I've been practicing alternate picking and palm muting for a while now, but I have extreme difficulties when combining these two techniques together. My picking hand can't move freely when resting on the bridge. My hand hurts and it just feels like a struggle, so I must be doing something wrong. However, if I keep my hand floating in the air I have no difficulties with alternate picking...

Should I stick to downpicking when palm muting at the same time or do you have any advice on combining these two techniques together?

  • 1
    Practice. You're doing everything right. Just keep doing it until it sounds good to you.
    – LCIII
    Dec 1, 2014 at 18:42

4 Answers 4


Some stuff is too fast to just use downstrokes.

I will assume that you play metal, the technique isn't used very much outside of those genres. Then one thing to consider is string gauge. It might seem intuitive to have thick strings to pound away on, but a lot of metal players actually use quite thin strings. Then palm muting will be easier both up and down.

The next thing to consider is that almost all players are better at downpicking, since that is used more (and possibly since you have gravity working in your favour :)). In order to strengthen the upwards palm muting, alternate between playing only downstrokes and only upstrokes, in order to get an even sound. Try different combinations e.g. 4 down 4 up, 4 down 8 up, 2 down 2 up and finally 1 down 1 up. Like always, start slowly where you feel in control, and increase the speed as you build stamina.

As others pointed out, it is important to stay relaxed, otherwise you will wear out. The motion should mainly be in your wrist. It's common to tighten up and use the entire forearm when tempo's reach the outer limits of ones ability.

Using a quite heavy and pointed pick is recommended for precision. I personally use Dunlop Jazz III, but there are a lot of different types and shapes out there.

  • I usually play between drop D and drop B. I'm a huge fan of .09 gauge strings on standard tuning, but they bend too much on drop B tuning and detune really fast... I bought heavy core .11 strings, they don't detune quickly but they are very thick and more difficult to pick. Do you have a recommendation for some good strings I could try? High-five for the Dunlop Jazz III pick, I use it as well and I love it! :D
    – muffin
    Dec 1, 2014 at 15:06
  • @muffin: Try a set with 046 for the low E string for drop D, and 054 for B. What scale length guitars are you using? Gibson type scale (24.75") needs thicker strings than Fender (25.5"). Adjust upward/downward in size depending on how the strings feel. I think it's best to use different string gauges for drop D and drop B tunings. Dec 1, 2014 at 15:40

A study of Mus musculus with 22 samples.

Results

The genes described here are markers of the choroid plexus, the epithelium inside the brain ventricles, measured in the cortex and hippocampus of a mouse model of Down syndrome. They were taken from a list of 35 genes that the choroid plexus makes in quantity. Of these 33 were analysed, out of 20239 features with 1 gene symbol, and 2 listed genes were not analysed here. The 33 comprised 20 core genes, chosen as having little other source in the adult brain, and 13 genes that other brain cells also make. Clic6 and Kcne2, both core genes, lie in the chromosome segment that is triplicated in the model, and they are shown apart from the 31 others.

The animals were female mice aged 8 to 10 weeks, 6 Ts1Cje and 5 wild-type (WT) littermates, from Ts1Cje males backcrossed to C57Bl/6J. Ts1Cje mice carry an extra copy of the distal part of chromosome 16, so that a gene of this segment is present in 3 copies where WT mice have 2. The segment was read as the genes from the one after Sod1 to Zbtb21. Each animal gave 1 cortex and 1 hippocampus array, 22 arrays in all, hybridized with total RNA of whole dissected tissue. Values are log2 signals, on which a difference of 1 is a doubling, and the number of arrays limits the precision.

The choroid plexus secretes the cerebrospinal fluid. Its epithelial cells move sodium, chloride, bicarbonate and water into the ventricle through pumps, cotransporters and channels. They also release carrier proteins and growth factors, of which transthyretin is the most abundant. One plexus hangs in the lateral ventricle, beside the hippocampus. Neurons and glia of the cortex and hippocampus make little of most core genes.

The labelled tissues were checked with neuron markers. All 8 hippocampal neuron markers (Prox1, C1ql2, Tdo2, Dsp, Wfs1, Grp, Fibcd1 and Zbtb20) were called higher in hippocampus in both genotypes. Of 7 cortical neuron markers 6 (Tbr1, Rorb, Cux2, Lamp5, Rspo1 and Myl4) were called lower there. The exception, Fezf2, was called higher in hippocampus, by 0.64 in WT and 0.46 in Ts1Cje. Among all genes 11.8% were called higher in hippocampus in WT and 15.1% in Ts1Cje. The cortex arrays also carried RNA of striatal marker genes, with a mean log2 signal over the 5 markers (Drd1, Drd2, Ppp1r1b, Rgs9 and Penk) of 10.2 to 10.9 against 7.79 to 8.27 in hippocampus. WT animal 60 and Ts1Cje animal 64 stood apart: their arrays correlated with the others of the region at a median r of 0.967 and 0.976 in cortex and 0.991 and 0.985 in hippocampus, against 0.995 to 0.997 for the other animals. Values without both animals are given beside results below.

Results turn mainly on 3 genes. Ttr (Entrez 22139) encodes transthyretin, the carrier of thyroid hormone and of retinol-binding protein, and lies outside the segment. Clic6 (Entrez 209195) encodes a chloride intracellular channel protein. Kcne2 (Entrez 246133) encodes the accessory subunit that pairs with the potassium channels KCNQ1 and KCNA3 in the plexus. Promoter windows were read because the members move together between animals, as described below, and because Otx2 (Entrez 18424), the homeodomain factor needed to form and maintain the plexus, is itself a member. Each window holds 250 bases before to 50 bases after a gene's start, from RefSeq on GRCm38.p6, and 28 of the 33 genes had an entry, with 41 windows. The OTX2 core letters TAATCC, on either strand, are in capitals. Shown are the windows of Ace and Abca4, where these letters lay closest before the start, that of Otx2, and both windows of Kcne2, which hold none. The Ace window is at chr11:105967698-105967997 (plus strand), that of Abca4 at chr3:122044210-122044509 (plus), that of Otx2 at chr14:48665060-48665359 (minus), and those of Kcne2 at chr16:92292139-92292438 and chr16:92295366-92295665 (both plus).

• Isn't 54 extremely thick? Well those who I have now are 50 on the low E, and that's already hard to play... I have an Epiphone SG 400, so Gibson scale.
    – muffin
    Dec 1, 2014 at 15:54
  • @muffin: What's the low E string gauge on your 011's you use now for dropped tunings, and the 009's you use for standard E? I'm guessing for the 009's it's 042 and for the 011's 049 or 052. If 042 is too loose for detuning, try to go one step up, to 046. It's difficult to accomodate both D and B tuning with one set of strings, I believe. Then it's going to be a compromise that's a bit too tight in B and a bit too loose in D. It might work, but the only way is to do some trial and error. Dec 1, 2014 at 16:05
  • SHARKFIN PICK!!! They seem to be dissapearing from shops I have to specially order them Dec 2, 2014 at 9:58

Holding the pick just between thumb and one finger gives enough movement to play across two or three strings without moving the part of the palm that is muting. If you move, say, to the top three strings, then slide the whole hand downwards so that the palm mute part of your hand is over those strings. When you move to the E, A and D strings, slide the muting palm up over them. Holding the pick too tightly will hamper movement, so relax as much as possible. It's not a technique that one wakes up one morning able to do it, so keep practising. Maybe also, you are pressing too much when muting.


Its tricky, I need to alter my palm mute hand shape and finger position for picking depending on what sound I want.

Just play around and experiment until your get the right sound for the most comfort, this will change depending on what your doing & make sure your not tensing your muscles. (If I learn something new I have to repeatedly and consciously remember to relax muscles)


Picking is a trifecta of finger memory, pinky relation, and palm base. Mind your pinky position most. Try hooking your pinky under, or resting it near, the high E string to give yourself a point of "reference". This often makes it easier to pick freely while still allowing accuracy, palm/muting, dig-in, and more string reach. This is easier on Gibson style bridges, but regardless it helps some folks.

In addition it allows you to control the high E, for example if you wanted to strum/chug all strings without having the high E ring out.